Two Nights in Bangkok
I wasn’t sure what to expect of Bangkok. My ideas had been colored by pop culture (see the 1980s gem below) so I thought the city might be seedy and somewhat run down.
What I found turned out to be the complete opposite.
I was traveling to Bangkok solo and when I arrived in the evening I quickly discovered that my smart phone didn’t work on the Thai network. So I was a going off of a hand drawn map trying to find the apartment of the PiA fellow who was kind enough to let me stay. I stopped to ask a parking attendant the direction. He didn’t speak much English so he pointed. A few minutes into my walk, he pulled up on his motorbike next to me, smiled and pointed telling me to turn down the street. After another five minutes I thought was on the right street so I stopped into a somewhat fancy restaurant to check. The entire staff took an interest. An English speaker was found, I was offered a seat and a cold bottle of water and after some debate, the parking attendant said he knew where I was trying to go and took me on his motorbike and then wouldn’t let me pay or tip him for his troubles. Turns out the streets had very similar names. It really is nice to have your “technology” stop working every now and again because I may have never discovered why Thailand has been dubbed “the land of a thousand smiles.”
Thailand was never colonized and the monarchy remains a source of pride as well controversy — Thailand strictly enforces lese majeste laws. The Grand Palace in Bangkok is an incredible area with buildings from different centuries and wats (temples), including the famous Wat Phra Kaew which houses the emerald Buddha (he’s a tiny fellow). The actual residential area of the complex remains off-limits to the swarms of tourists.
I don’t think I’ve ever been as hot as I was when exploring the Grand Palace. I tried to duck into any shade I could find, which meant getting close to the intricate walls. My advice to everyone is go early in the morning.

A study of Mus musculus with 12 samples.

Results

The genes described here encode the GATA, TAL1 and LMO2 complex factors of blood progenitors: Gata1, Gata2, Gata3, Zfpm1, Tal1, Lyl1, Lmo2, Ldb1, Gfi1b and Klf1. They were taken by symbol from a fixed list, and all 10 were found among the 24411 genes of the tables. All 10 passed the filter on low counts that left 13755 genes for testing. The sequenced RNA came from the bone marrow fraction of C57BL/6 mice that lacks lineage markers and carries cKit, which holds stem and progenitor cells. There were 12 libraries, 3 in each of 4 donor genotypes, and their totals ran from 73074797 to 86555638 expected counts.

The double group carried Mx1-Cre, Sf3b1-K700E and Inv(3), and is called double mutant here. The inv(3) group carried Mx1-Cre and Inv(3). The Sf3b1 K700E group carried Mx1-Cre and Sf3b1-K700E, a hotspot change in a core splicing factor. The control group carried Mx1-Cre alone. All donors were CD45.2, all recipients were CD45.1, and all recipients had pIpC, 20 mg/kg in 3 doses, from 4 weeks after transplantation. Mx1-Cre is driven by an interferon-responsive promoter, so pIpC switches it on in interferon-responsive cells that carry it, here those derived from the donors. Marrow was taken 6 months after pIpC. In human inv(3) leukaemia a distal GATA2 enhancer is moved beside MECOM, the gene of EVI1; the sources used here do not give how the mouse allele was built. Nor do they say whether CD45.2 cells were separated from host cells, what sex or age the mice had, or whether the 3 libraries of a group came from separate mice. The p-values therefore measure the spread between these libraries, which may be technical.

Behind the Grand Palace is Wat Pho, home to the famous reclining Buddha. After seeing the tiny emerald Buddha, the reclining Buddha was a surprise, I never expected it to be so large, and have such cool toes:
The room where the Buddha reclines is filled with a constant clinking and clanking as people drop coins into bowls. According to Wikipedia, there are 108 bowls marking the “auspicious characters of Buddha.” Dropping the coins is supposed to bring good luck and helps the monks keep things in spic-and-span shape.
Several months ago at work I had read an article that mentioned an American by the name of Jim Thompson who had fallen in love with Thailand and helped to revive the silk industry there before disappearing into the Malaysian jungle to never be heard from again. Americans of the era stayed with Thompson at his large home in Bangkok. Somerset Maugham was a guest and he told Thompson, “You have not only beautiful things, but what is rare you have arranged them with faultless taste.” The Jim Thompson House is worth a visit and the cafe is a great place to cool off.
Some of my favorite moments were wandering around and observing daily life. In the middle of a busy shopping area, people stopped at the Erawan Shrine to pay their respects. With all the hustle of daily life, it’s nice to see people stop for a few minutes.
And if you get tired of walking, get on a boat or a tuk-tuk. Or duck into a mall for some A/C. I walked around the Terminal 21 mall, which had a crazy airport theme as well as a section for Thai designers which is worth a look.
Bangkok had everything I wish Jakarta did: clean, air-conditioned public transit, well-labeled streets, cab and tuk-tuk drivers who will happily give walking instructions without hassling you, and sidewalks without gaping holes. I’m beginning to realize that besides perhaps a major city in India, I think I live in one of Asia’s most difficult cities. At least every day is interesting.
Did I mention I took a cooking class in Bangkok? Food post coming soon.